Home COVID-19: Voices From the Community How COVID-19 Turned Our Hospital—and Patients—Upside Down

How COVID-19 Turned Our Hospital—and Patients—Upside Down

By: Tyler Weiss, MSc, RRT, RRT-ACCS, AE-C

As COVID-19 started spreading throughout the United States, my colleagues and I didn’t know what to expect. Our hospital, Rush University Medical Center, is in the large metropolitan city of Chicago, so we assumed we would be hit hard. And as a respiratory therapist (RT) preparing for a respiratory pandemic, I knew my staff and I would be put to the test. We are used to caring for patients who require a high level of ventilator support: It’s not uncommon to have 25 to 35 patients requiring mechanical ventilation at a time at my institution, so the RTs stay fairly busy. If there was a team of RTs built to take down COVID-19, it was my team at Rush.


As we prepared, we realized we needed a new process to prone patients, since this was one therapy that was being reported to help patients with COVID-19 who develoed ARDS. Prone positioning was not unfamiliar to my institution, as we would prone a handful of patients a year utilizing an automated bed. However, the automated process was not going to be feasible with the expected volume of patients.

My most trusted nursing colleague (who also happens to be my fiancée), Flor, and I created a new manual prone positioning process to be implemented immediately. Over the next couple of days, we created a YouTube video, order set, protocol, and checklists to support the new process while also training every RT and all ICU registered nurses throughout the hospital. We were ready!

The First Patient Arrives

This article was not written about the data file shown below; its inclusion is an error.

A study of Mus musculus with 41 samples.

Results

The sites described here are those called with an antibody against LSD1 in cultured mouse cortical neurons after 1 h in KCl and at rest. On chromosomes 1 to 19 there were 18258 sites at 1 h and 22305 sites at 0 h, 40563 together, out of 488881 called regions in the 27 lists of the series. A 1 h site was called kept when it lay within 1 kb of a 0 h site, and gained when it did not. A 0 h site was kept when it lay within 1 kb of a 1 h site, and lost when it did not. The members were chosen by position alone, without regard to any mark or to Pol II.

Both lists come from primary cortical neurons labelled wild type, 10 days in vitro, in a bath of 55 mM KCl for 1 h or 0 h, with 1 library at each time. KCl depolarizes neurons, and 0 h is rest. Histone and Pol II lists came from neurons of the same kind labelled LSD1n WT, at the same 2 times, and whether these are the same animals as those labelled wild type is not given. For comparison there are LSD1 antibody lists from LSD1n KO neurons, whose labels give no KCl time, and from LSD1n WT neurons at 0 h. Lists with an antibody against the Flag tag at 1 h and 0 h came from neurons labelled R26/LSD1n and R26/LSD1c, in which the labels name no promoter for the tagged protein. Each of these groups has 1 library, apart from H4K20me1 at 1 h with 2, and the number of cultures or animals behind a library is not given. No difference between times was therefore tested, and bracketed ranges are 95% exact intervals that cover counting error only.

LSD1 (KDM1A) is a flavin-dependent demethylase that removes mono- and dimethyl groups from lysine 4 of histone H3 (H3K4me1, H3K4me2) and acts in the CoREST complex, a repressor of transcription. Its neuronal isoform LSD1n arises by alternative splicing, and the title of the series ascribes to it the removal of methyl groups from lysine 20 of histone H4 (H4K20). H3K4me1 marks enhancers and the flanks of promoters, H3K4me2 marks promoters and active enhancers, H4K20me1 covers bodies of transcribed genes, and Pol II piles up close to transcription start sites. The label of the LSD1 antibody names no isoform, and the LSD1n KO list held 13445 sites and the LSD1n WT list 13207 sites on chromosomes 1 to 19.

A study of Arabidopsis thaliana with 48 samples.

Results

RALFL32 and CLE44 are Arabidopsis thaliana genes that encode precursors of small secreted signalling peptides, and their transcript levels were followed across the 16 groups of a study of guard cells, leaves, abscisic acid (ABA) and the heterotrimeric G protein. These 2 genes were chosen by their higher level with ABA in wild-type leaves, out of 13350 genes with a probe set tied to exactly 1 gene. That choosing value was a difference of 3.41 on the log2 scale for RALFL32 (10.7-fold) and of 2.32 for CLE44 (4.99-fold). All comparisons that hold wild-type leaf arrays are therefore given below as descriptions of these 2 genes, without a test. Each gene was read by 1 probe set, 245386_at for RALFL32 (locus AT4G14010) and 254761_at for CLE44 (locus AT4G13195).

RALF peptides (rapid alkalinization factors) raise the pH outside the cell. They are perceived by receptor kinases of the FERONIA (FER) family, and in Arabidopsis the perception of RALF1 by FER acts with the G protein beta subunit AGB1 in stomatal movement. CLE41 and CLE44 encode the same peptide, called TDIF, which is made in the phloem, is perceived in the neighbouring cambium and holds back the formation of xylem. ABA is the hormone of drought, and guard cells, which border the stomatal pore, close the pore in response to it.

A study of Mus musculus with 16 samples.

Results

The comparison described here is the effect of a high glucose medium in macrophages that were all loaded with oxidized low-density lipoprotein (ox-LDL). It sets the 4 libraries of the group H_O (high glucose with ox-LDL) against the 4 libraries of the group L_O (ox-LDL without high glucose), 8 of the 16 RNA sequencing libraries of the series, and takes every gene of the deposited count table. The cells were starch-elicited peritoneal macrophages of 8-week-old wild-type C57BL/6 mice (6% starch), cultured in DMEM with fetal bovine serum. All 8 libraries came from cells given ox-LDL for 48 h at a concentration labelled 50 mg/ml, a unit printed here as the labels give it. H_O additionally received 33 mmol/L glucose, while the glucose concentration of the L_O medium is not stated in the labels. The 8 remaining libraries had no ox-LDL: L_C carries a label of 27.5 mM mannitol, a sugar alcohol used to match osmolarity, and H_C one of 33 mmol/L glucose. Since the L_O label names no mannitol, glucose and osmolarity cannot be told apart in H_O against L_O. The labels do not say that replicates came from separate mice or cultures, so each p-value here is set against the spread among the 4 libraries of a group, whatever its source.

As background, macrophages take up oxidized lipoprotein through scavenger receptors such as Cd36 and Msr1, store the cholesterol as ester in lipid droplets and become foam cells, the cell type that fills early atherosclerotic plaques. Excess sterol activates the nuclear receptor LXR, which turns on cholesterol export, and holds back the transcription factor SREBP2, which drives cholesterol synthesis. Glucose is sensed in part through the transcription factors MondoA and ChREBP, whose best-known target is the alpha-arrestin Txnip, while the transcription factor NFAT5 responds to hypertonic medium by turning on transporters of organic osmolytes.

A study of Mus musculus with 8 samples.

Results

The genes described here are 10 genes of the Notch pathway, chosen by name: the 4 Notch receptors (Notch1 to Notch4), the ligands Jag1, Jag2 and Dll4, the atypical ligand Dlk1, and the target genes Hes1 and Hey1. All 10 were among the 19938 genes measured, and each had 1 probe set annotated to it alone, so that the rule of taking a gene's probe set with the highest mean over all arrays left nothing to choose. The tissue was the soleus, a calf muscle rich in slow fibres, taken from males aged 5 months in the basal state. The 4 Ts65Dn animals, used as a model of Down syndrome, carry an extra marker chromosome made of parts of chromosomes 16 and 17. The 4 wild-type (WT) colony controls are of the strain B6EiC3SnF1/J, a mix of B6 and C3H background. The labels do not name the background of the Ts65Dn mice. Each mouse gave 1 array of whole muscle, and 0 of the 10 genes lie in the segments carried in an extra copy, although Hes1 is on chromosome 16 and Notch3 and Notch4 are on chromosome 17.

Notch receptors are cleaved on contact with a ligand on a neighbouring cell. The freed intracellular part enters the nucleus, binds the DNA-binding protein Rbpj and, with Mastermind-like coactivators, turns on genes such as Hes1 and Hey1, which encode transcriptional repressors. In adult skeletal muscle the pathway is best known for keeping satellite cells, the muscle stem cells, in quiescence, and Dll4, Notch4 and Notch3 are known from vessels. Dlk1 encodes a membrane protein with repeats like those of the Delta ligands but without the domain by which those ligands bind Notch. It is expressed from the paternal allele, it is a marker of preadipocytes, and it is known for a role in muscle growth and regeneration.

As soon as we finished creating this new proning process, we were faced with our first critically ill patient with COVID-19 who required intubation and proning. It was March 18, 2020, and it marked the beginning of a time I will never forget. Flor and I, along with a couple other clinicians, did the honors and proned the patient. Our new process was put to the test, and it worked. Little did we know that the maneuver we just performed would be repeated throughout the year on more than 300 patients.

Over the next 2 weeks, we proned 42 patients. Soon, whole ICUs were filled with intubated patients requiring prone positioning, and we realized we weren’t as ready as we thought. The RTs were spread razor thin, as were the nurses, and we saw a whole new level of acuity and patient volume that was unfamiliar to even my most seasoned RTs.

We had to come up with a new plan—quickly. We were being flooded with patients with COVID-19 at an alarming rate, and ventilator numbers were climbing. We had the idea to create a team whose only purpose was to go around the hospital to prone and supine patients. But where would we get the staff to create this team?

Building the “Prone Team”

Since surgeries and other services like physical therapy and occupational therapy were halted, we decided to pull operating room and interventional radiology nurses and technologists, along with physical therapists and occupational therapists, to create a multidisciplinary team. From this, the “Prone Team” was born.


The Prone Team was led by an RT, and its members worked around the clock. With ventilator numbers eventually reaching almost 100 and with the majority of those patients requiring proning, the team came at the perfect time. Emotions and stress levels were running high, and the Prone Team helped relieve the bedside staff when they arrived to flip a patient.

The team began to evolve and eventually came equipped with a cart of supplies decked out with LED lights and a speaker playing music. Everyone knew when the Prone Team was coming! The team remained in service for several months until the volume of prone patients returned to a more manageable state, and there finally was light at the end of the tunnel.

As a clinician, I will always remember being a part of implementing a new process during a global pandemic, as well as helping lead the Prone Team. It was an honor to witness colleagues from all disciplines come together and lend a helping hand for the betterment of our patients, and I am humbled to have led and formed a part of such an outstanding team of health care heroes.

 

Tyler Weiss Tyler Weiss, MSc, RRT, RRT-ACCS, AE-C, is the Adult Clinical Education Coordinator and an Assistant Professor in the Department of Cardiopulmonary Sciences, Division of Respiratory Care, at Rush University Medical Center in Chicago.